In BASH I would start to run a CLI PHP script that's built around Symfony's CLI tools.

Typically I would run the command like this:

$> php doctrine --configuration=../conf/doctrine.xml migrations:migrate

In BASH I would be able to use the TAB key while typing out the ../conf/doctrine.xml portion to complete the directories.

In ZSH hitting the TAB key while typing out the directory results in... nothing.

Is there a setting in ZSH or a configuration I can set to enable this behavior of attempting to complete almost anything that looks like a directory?


up vote 5 down vote accepted

Zsh is attempting to be clever in choosing completions, but it's not clever enough to know that after doctrine --configuration=, it should complete a file name. Bash is either clever enough to parse this command correctly, or too stupid to complete anything but a file name here.

You can write a completion function for doctrine. This is a little advanced, though — completion functions tend to be a little arcane. You may find it easier to write a completer using zsh's alternative, older, simpler, but less powerful completion system, compctl (documented in the zshcompctl man page).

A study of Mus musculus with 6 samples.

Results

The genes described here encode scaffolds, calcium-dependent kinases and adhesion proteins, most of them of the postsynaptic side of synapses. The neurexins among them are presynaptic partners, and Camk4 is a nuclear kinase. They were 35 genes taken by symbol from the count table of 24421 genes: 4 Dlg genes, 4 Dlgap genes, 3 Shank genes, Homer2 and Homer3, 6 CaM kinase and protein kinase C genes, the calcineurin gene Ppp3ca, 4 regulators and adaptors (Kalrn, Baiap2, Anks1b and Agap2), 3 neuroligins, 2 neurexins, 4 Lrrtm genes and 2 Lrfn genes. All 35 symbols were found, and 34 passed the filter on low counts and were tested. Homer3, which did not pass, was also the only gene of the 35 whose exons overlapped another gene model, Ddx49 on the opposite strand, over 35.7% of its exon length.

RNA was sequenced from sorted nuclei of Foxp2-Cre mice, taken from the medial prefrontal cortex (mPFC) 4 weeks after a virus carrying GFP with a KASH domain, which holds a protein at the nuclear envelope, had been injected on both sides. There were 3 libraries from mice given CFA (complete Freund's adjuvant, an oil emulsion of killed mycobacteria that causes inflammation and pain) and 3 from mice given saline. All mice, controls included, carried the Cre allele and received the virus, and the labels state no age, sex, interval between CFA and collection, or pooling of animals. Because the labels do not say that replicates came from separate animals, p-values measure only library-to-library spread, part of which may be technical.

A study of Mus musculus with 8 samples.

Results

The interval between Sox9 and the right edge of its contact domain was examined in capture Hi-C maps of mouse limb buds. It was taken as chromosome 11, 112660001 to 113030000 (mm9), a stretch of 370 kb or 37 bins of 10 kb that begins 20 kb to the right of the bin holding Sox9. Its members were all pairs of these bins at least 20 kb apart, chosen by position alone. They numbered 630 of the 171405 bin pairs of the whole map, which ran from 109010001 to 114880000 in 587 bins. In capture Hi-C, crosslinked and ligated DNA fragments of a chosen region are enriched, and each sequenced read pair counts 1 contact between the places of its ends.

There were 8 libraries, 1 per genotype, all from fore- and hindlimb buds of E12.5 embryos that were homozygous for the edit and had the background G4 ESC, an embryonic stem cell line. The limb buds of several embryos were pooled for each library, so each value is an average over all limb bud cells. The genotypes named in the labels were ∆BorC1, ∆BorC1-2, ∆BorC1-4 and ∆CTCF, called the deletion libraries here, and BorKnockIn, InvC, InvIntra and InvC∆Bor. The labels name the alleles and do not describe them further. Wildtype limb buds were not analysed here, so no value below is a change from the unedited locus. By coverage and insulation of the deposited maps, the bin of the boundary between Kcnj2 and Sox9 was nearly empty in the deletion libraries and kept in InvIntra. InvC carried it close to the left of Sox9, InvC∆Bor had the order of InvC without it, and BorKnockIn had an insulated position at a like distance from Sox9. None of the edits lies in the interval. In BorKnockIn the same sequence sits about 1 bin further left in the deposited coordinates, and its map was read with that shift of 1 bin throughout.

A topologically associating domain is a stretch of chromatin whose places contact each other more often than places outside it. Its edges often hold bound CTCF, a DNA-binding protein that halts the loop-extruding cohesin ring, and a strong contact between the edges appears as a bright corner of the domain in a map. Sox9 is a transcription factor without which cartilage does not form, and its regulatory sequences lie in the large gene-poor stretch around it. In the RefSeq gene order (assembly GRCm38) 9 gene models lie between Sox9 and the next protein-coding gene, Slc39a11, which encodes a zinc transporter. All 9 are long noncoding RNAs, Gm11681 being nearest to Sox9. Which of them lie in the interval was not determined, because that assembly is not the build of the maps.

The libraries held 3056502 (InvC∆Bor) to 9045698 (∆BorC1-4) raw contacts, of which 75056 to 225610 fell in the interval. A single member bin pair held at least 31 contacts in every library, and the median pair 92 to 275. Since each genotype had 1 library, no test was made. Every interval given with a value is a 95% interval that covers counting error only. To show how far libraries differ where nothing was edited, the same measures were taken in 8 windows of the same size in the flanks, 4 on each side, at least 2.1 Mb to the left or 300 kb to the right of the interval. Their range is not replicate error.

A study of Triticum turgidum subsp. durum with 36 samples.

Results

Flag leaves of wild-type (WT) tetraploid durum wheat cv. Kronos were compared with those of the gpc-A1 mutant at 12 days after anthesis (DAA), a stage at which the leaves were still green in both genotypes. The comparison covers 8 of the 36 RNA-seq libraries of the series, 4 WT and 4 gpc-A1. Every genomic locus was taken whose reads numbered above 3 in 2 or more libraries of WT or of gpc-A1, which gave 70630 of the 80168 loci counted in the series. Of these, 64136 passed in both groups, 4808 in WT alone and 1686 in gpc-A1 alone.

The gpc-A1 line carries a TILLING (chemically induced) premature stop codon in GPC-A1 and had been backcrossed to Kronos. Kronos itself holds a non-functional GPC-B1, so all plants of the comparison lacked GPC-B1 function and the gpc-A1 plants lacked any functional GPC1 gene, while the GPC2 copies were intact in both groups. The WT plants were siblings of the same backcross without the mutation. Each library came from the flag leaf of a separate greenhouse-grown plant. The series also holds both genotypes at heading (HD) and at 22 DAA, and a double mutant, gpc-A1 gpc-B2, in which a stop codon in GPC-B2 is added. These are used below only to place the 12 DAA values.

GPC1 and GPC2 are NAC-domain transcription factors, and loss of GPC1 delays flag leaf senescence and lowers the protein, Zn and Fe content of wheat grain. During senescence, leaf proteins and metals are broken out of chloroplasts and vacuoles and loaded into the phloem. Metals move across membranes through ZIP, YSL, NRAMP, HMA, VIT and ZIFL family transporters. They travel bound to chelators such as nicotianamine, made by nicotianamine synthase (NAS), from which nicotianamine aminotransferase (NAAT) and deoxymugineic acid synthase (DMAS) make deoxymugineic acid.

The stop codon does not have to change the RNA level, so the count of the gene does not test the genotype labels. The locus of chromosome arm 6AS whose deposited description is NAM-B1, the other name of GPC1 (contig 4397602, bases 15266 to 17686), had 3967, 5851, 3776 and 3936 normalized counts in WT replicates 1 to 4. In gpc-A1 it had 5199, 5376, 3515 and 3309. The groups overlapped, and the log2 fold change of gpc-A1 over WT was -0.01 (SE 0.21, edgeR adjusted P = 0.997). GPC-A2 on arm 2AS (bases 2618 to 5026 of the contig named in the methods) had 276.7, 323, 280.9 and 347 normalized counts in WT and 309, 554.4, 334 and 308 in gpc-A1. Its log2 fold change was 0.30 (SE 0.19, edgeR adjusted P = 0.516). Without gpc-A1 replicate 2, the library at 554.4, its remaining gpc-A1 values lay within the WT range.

If you have a bash completion function for doctrine, you might be able to get zsh to read it by including autoload bashcompinit; bashcompinit in your ~/.zshrc. See Switching from bash on the zsh wiki.

You may find it useful to bind a few keys to _bash_complete-word. This widget (interactive command) performs completion of a few built-in types, depending on the last character in the key sequence that invoked the widget: / for directories, $ for parameter names, etc. For example, include bindkey '^X/' _bash_complete-word in your ~/.zshrc, and press Ctrl+X / to complete a file name in any context (you might need to temporarily insert a space before the file name, if the file name is preceded by punctuation that is not a word separator in the shell).